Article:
XXXI.31 How the crown of France passed into the house of Hugh Capet

, par Stewart

The heredity of fiefs and the general establishment of sub-fiefs extinguished political government and formed feudal government. Instead of that innumerable multitude of vassals the kings had had, they now had but a few, to whom the others were subsidiary. The kings had almost no direct authority remaining ; a power that had to pass through so many other powers, and through such great powers, ended or faded away before it reached its goal. Such great vassals no longer obeyed ; they even made use of their sub-vassals in order not to obey. The kings, deprived of their domains, reduced to the cities of Reims and Laon, remained at their mercy ; the tree stretched its branches too far, and the head withered. The kingdom found itself without a domain, as the empire is today. The crown was given to one of the most powerful vassals.

The Normans ravaged the kingdom ; they came on a kind of rafts or small ships, entered through the mouth of the rivers, went up them, and devastated the country on both sides. The cities of Orleans and Paris halted these brigands, and they could not advance on either the Seine or the Loire. [1] Hugh Capet, who possessed these two cities, held in his hands the two keys of the unhappy remains of the kingdom ; a crown which he was the only one in a position to defend was conferred on him. It was thus that the empire has since been given to the house that holds firm the borders of the Turks.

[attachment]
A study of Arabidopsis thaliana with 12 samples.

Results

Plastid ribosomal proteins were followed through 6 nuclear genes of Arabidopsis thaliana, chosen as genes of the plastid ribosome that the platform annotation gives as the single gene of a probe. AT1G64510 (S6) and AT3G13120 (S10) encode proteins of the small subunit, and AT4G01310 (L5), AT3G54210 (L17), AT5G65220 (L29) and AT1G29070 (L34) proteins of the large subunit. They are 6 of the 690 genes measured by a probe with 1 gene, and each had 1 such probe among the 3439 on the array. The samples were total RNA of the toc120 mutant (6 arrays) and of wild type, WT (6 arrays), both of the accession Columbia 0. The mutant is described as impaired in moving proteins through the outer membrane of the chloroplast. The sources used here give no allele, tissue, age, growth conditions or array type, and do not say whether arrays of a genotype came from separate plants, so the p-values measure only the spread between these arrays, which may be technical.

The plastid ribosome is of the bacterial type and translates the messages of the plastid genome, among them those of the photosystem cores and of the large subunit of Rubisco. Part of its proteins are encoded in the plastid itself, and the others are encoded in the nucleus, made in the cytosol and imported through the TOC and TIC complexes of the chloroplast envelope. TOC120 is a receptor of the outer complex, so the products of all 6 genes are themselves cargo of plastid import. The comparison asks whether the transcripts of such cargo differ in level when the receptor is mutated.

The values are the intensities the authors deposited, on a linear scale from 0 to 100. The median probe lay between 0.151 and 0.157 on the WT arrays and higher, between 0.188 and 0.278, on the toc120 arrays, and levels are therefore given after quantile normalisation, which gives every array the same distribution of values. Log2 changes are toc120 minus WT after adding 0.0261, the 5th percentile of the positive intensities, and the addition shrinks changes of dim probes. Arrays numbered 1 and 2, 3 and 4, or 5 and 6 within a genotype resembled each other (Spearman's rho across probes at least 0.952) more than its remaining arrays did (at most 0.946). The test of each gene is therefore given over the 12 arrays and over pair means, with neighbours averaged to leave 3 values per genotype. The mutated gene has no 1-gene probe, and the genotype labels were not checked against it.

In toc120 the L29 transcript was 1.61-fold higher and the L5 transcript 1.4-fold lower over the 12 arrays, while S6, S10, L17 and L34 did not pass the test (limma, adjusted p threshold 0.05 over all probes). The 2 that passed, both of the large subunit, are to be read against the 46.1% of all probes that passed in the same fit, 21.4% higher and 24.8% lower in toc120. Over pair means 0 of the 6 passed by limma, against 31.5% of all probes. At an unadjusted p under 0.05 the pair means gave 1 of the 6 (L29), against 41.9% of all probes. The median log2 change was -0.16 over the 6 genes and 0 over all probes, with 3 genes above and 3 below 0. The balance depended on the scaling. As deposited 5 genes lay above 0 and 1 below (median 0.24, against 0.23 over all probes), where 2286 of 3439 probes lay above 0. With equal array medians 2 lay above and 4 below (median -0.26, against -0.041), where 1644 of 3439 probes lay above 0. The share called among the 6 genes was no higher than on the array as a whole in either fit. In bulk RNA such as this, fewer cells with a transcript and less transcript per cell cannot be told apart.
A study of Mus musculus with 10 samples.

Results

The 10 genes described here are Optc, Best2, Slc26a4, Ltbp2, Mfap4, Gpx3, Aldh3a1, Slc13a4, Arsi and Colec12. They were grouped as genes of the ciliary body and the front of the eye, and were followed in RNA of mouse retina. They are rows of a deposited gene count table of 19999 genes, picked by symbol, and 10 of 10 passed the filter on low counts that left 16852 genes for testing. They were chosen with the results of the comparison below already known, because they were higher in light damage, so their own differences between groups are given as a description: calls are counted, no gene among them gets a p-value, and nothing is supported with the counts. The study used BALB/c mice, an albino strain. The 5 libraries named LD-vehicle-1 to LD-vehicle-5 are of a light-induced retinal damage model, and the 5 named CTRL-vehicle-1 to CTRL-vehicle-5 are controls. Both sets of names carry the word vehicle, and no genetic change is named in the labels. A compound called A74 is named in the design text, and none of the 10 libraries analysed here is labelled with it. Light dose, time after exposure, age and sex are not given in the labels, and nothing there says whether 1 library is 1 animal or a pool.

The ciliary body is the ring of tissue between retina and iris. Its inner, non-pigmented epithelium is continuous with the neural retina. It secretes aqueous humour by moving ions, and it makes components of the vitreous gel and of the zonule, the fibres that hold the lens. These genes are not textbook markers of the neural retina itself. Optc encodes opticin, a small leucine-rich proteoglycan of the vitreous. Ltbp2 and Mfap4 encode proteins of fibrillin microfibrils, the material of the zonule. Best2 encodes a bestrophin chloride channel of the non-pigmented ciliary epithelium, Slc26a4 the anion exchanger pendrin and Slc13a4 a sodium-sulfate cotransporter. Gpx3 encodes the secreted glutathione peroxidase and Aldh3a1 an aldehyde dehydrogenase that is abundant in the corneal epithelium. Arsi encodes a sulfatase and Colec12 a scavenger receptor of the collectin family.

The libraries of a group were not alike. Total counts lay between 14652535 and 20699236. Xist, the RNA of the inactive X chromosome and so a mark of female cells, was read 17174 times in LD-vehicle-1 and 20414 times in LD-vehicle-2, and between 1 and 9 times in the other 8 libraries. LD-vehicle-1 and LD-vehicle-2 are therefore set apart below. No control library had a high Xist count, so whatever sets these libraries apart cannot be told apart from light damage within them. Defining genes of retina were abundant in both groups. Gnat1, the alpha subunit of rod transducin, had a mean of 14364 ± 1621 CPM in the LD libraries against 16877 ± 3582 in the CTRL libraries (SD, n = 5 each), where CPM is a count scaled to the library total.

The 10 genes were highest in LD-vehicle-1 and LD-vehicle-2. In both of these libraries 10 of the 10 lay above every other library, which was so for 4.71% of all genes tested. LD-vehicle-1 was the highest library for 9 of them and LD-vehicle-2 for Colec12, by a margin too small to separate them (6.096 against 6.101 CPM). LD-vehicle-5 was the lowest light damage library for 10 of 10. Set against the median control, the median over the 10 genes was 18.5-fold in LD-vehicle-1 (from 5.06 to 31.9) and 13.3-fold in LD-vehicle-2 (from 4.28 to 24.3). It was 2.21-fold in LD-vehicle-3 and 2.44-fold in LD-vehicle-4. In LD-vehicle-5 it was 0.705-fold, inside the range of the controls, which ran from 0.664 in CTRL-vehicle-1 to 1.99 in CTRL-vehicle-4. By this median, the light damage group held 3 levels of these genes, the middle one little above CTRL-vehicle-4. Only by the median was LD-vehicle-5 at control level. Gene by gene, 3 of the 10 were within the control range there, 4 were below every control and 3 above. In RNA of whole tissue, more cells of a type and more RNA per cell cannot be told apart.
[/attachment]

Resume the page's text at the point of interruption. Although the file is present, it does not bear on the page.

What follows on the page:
The empire had left the house of Charlemagne at the time when the heredity of fiefs was being established only by way of deference. It even appears that it was established later among the Germans than among the French, for which reason the empire, considered as a fief, was elective. When, on the contrary, the crown of France went outside the house of Charlemagne, the fiefs were really hereditary in the kingdom ; the crown, as a great fief, was as well.

Besides, we are quite wrong to attribute to the moment of this revolution all the changes that had occurred or which occurred since. It all came down to two events : the reigning family changed, and the crown was joined to a great fief.


[1See the capitulary of Charles the Bald, 877, apud Carisiacum, on the importance of Paris, Saint Denis, and the châteaux of the Loire in those times.